Demystifying brokers


If you’re thinking about securing a home loan, you really have two options. You can go straight to a lender (e.g. a bank) or you can visit a mortgage broker (e.g. Mortgage Choice). If you chose a lender, often it’s because you have a long history with them, a relationship with a branch manager or you simply have a sense of comfort with that institution. But in the competitive marketplace we live in now, it really does pay to have choices.

Smaller lenders, or ones less familiar to you, might provide you with a more competitive interest rate and save you thousands over the life of your mortgage but without the skill or expertise of a mortgage broker – you might never have heard of them.

“A broker will evaluate your needs, compare home loan products from a range of lenders, help you calculate your borrowing power, help you get pre-approved for a home loan and more,” Susan Mitchell, CEO of Mortgage Choice said. “They can help take the hassle out of finding the right home loan by helping you understand your options, explain jargon and when the time comes, negotiate with the lender on your behalf to get you a good deal.”

The beauty of a broker is that there is no fee for having them help you choose a home loan. “Brokers are paid a commission by the lender once your home loan settles,” confirmed Susan Mitchell. “At Mortgage Choice, your broker earns the same rate of commission regardless of the lender you choose.”

Sometimes this idea of ‘working for commission’ can portray an idea that brokers are just selling you whichever loan will give them the largest commission or that there might be back door deals happening. But financial regulators have ensured that the broker industry acts transparently and ethically. “Brokers are required to operate under a licence structure to ensure compliance with the National Consumer Credit Protection Act; they are also obliged to adhere to other major legislative obligations when it comes to managing client information, privacy and consents etc,” Susan said. “From the 1st of January 2021, mortgage brokers will be required to comply with the best interests’ duty obligations set out in The National Consumer Credit Protection Act 2009 (National Credit Act), which requires mortgage brokers to act in the best interests of consumers when providing credit assistance.”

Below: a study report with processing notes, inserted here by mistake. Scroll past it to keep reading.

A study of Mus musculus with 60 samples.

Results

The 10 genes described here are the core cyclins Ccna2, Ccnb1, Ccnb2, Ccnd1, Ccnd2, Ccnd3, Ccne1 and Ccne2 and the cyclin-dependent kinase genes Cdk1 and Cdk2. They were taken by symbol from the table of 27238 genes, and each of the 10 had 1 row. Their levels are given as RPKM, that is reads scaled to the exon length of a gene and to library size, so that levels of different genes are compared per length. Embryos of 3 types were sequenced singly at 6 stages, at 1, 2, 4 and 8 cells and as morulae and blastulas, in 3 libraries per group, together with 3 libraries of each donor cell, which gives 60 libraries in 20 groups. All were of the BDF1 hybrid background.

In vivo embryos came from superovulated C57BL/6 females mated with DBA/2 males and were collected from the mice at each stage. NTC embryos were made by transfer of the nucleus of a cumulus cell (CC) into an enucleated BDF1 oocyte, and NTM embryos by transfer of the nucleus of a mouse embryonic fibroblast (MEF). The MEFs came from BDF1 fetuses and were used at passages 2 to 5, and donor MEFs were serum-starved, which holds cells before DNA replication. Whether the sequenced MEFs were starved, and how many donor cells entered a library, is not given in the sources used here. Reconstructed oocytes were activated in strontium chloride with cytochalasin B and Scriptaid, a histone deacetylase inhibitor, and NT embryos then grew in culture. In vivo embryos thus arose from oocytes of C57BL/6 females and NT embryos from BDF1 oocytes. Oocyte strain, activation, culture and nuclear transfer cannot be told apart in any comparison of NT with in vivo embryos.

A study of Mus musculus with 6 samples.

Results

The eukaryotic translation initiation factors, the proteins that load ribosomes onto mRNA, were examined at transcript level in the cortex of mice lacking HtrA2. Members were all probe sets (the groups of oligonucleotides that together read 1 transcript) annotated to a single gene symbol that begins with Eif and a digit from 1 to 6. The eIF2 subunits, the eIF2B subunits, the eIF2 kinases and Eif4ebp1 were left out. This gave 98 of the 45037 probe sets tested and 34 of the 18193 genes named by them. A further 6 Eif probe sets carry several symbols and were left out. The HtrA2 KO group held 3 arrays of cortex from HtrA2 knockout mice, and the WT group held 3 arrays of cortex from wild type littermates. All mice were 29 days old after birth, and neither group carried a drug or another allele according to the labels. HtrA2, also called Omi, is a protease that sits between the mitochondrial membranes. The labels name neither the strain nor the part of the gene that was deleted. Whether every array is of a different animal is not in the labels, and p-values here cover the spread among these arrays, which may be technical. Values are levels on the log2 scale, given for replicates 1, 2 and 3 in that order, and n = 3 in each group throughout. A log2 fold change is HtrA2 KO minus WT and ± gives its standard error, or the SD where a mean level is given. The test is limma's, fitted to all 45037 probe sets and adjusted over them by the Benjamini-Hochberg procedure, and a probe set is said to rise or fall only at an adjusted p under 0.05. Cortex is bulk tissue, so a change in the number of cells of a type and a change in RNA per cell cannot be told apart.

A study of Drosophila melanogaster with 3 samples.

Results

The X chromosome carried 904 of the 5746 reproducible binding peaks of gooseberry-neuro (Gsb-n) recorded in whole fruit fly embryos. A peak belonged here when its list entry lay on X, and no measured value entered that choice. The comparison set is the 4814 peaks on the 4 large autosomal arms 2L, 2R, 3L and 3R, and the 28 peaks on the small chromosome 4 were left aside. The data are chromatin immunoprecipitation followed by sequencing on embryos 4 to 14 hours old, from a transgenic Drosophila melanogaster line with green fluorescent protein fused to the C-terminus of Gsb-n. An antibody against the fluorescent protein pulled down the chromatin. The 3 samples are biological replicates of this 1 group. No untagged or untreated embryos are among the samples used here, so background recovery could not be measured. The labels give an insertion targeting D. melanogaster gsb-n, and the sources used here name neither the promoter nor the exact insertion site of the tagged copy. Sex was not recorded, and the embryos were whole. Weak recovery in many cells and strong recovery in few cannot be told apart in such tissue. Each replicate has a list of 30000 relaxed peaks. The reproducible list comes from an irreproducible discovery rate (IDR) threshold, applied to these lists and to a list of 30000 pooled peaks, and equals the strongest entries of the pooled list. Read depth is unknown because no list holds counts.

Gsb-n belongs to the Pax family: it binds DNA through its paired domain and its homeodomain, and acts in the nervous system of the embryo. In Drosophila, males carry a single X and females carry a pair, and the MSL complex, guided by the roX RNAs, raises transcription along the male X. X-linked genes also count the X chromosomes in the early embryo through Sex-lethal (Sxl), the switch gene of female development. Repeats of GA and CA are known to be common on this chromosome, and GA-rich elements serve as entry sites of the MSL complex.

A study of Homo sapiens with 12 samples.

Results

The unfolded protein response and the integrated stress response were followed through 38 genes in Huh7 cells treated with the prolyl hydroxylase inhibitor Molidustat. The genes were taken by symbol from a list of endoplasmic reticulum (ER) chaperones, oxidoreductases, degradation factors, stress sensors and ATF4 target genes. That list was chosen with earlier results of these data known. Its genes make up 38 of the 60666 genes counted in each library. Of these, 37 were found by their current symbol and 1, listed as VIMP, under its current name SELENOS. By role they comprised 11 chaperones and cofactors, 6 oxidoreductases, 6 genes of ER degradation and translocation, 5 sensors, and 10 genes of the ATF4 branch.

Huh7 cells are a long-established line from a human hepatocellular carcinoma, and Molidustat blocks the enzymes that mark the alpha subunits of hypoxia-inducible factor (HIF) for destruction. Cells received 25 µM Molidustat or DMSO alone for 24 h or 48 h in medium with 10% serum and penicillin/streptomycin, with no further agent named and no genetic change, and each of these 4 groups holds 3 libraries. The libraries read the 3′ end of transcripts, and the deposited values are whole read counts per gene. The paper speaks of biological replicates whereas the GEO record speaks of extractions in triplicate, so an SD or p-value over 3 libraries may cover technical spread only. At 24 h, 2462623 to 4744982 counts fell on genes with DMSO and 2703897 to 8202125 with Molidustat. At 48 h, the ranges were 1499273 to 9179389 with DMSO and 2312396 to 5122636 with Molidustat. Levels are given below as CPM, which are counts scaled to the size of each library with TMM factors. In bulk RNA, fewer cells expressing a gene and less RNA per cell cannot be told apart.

So if you choose to use a broker, how can you ensure your broker is working to find you the best option? Susan Mitchell suggests asking the following questions:

  • How many lenders are on your panel?
  • How many do you actively use?
  • How do you get paid?
  • Do you get paid more to recommend a particular lender/product over another?
  • Why are you recommending this loan to me?

To learn more about how a broker can help you, click here.

To learn more about what makes a Mortgage Choice broker different, click here.

For further FAQs, click here.

Important: This content has been prepared without taking account of the objectives, financial situation or needs of any particular individual. It does not constitute formal advice. Consider the appropriateness of the information in regard to your circumstances.